Poll: COVID-19 vigilance softening across Kentucky, despite escalation in cases
The leader of a health advocacy group says he’s concerned that most Kentuckians are behaving as if the pandemic has come to an end.
The Foundation for a Healthy Kentucky recently surveyed more than 800 residents to gauge their attitudes toward COVID-19.
President Ben Chandler said one-third of respondents indicated they feel the pandemic is over in the Bluegrass State, with more than half saying they’ve declared an end to the virus in their own lives.
“So what does this mean?," asked Chandler. "Kentuckians are living their normal, everyday lives, despite the ongoing pandemic. They’re seeing family and friends, taking trips, going to concerts, sports games. It’s been a long two years and people are moving forward.”
The survey, taken during June and the first half of July, randomly questioned 814 Kentucky adults by phone. Commissioned by the Foundation for a Healthy Kentucky, the poll was conducted by the University of Cincinnati's Institute for Policy Research. The margin of error is plus or minus 3.4%.
At the time of the poll, the Omicron variant had been in Kentucky for several months and the BA.5 subvariant was spreading rapidly.
When the poll began, the vaccine was open to those five years and older, and about halfway through the polling, the vaccine received emergency authorization for children six months and older.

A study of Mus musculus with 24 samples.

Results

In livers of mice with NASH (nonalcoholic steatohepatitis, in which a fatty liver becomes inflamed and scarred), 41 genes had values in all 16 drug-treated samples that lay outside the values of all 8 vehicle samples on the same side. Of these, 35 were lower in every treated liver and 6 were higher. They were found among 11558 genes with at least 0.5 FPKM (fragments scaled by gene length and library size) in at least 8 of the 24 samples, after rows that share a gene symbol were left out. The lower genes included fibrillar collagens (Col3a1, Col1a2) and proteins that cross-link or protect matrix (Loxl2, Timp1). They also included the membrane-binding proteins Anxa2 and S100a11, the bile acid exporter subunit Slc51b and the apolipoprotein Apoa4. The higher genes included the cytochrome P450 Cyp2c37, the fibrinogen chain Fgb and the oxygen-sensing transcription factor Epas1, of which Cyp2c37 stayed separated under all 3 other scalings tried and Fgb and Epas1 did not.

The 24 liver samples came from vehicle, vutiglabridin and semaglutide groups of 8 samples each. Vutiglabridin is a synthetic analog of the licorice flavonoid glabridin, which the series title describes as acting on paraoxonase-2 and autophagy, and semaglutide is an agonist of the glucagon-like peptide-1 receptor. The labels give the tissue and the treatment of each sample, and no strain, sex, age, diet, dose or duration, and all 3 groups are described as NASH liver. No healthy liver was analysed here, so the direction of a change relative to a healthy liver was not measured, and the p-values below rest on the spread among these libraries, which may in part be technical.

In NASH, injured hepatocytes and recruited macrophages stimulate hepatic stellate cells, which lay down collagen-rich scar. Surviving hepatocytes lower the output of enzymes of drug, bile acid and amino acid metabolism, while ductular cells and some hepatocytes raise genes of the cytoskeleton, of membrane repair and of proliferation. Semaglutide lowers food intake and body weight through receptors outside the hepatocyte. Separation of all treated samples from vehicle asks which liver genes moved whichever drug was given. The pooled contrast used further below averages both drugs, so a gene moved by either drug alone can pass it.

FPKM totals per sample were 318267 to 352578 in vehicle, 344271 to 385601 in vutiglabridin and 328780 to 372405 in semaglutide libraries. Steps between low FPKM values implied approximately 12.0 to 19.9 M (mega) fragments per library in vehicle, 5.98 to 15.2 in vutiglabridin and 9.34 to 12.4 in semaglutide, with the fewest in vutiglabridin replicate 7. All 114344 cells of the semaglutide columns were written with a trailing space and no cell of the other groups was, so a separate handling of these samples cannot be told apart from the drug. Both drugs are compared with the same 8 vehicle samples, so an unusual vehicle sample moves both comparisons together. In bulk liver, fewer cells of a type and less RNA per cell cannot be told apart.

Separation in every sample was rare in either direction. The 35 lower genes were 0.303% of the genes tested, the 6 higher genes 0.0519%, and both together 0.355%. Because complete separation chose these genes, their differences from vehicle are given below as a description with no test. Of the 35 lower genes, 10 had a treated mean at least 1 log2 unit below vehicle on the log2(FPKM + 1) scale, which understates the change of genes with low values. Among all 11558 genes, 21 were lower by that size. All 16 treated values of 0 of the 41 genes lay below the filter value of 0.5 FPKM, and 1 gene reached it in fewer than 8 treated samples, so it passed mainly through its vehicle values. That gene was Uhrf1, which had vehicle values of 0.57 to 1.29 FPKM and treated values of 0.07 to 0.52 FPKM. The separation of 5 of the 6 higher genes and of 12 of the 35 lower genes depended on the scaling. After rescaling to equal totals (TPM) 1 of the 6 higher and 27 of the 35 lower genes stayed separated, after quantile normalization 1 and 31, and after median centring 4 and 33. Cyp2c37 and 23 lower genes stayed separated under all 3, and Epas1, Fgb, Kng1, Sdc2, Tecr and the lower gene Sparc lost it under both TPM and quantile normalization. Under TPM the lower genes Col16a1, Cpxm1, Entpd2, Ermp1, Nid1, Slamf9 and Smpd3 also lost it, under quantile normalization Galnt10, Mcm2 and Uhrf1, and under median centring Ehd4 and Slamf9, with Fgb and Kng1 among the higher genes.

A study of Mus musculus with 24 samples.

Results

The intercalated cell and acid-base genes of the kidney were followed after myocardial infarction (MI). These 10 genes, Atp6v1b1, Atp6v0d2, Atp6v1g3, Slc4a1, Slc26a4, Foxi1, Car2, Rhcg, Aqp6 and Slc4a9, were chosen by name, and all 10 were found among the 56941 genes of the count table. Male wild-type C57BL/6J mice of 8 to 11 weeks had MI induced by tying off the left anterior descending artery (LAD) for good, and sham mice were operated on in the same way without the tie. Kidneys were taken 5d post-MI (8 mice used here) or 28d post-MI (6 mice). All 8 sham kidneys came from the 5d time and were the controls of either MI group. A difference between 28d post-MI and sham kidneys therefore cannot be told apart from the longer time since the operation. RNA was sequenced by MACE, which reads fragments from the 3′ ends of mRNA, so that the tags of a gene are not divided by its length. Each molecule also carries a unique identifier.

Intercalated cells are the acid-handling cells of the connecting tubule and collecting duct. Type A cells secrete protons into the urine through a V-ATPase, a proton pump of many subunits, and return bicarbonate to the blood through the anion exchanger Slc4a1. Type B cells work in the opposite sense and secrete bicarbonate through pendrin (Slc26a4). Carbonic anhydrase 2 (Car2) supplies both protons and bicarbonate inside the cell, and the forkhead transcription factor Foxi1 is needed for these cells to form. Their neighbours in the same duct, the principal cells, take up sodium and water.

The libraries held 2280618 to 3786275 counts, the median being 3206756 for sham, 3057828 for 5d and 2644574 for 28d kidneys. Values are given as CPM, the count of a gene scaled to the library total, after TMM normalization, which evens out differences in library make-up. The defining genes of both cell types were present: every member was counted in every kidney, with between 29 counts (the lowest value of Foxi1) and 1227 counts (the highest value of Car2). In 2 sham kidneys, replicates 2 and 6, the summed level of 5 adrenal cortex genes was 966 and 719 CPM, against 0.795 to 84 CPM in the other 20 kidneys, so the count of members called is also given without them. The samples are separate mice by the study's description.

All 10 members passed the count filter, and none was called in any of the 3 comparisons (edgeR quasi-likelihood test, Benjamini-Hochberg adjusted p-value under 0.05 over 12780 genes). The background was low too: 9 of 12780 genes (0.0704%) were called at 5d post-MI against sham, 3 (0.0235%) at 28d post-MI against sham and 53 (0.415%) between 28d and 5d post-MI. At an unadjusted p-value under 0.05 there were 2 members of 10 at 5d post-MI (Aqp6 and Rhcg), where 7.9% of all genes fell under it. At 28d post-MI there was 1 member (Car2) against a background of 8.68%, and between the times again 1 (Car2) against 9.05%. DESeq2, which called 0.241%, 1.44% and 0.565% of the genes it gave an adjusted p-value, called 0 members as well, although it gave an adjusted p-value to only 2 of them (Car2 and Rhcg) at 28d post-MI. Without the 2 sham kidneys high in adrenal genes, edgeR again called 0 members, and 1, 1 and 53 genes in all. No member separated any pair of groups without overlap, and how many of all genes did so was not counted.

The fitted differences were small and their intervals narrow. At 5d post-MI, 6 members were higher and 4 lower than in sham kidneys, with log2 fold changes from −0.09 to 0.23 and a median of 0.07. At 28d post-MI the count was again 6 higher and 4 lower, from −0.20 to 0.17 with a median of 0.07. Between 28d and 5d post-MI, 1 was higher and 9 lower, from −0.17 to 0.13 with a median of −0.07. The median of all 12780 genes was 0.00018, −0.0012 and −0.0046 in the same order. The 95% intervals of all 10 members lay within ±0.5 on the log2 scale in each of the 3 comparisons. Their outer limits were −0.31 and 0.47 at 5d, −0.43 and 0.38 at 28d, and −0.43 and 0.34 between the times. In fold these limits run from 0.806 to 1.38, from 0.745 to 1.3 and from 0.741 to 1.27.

Chandler said as attitudes toward COVID-19 shift, it’s important to stay vigilant against the virus by keeping up to date on vaccines and boosters.
The poll also found that confidence in COVID-19 vaccines, among the unvaccinated, has lessened since the emergence of the Omicron variant. At the time of the poll, more than 76% of unvaccinated Kentucky adults said they believed the shots would only be “a little effective” or “not effective at all” in protecting them from COVID-19. In comparison, more than 65% of the unvaccinated population answered the same in a 2021 survey.
Meanwhile, two-thirds of Kentucky counties remain in the highest risk category for COVID-19 spread, as the most recent surge continues.
A map on the Kentucky Department for Public Health website shows the majority of counties in the red as of Friday. That’s the highest level of infection, based on a model from the Centers for Disease Control and Prevention. The agency’s three-color system is based on new cases and hospitalizations.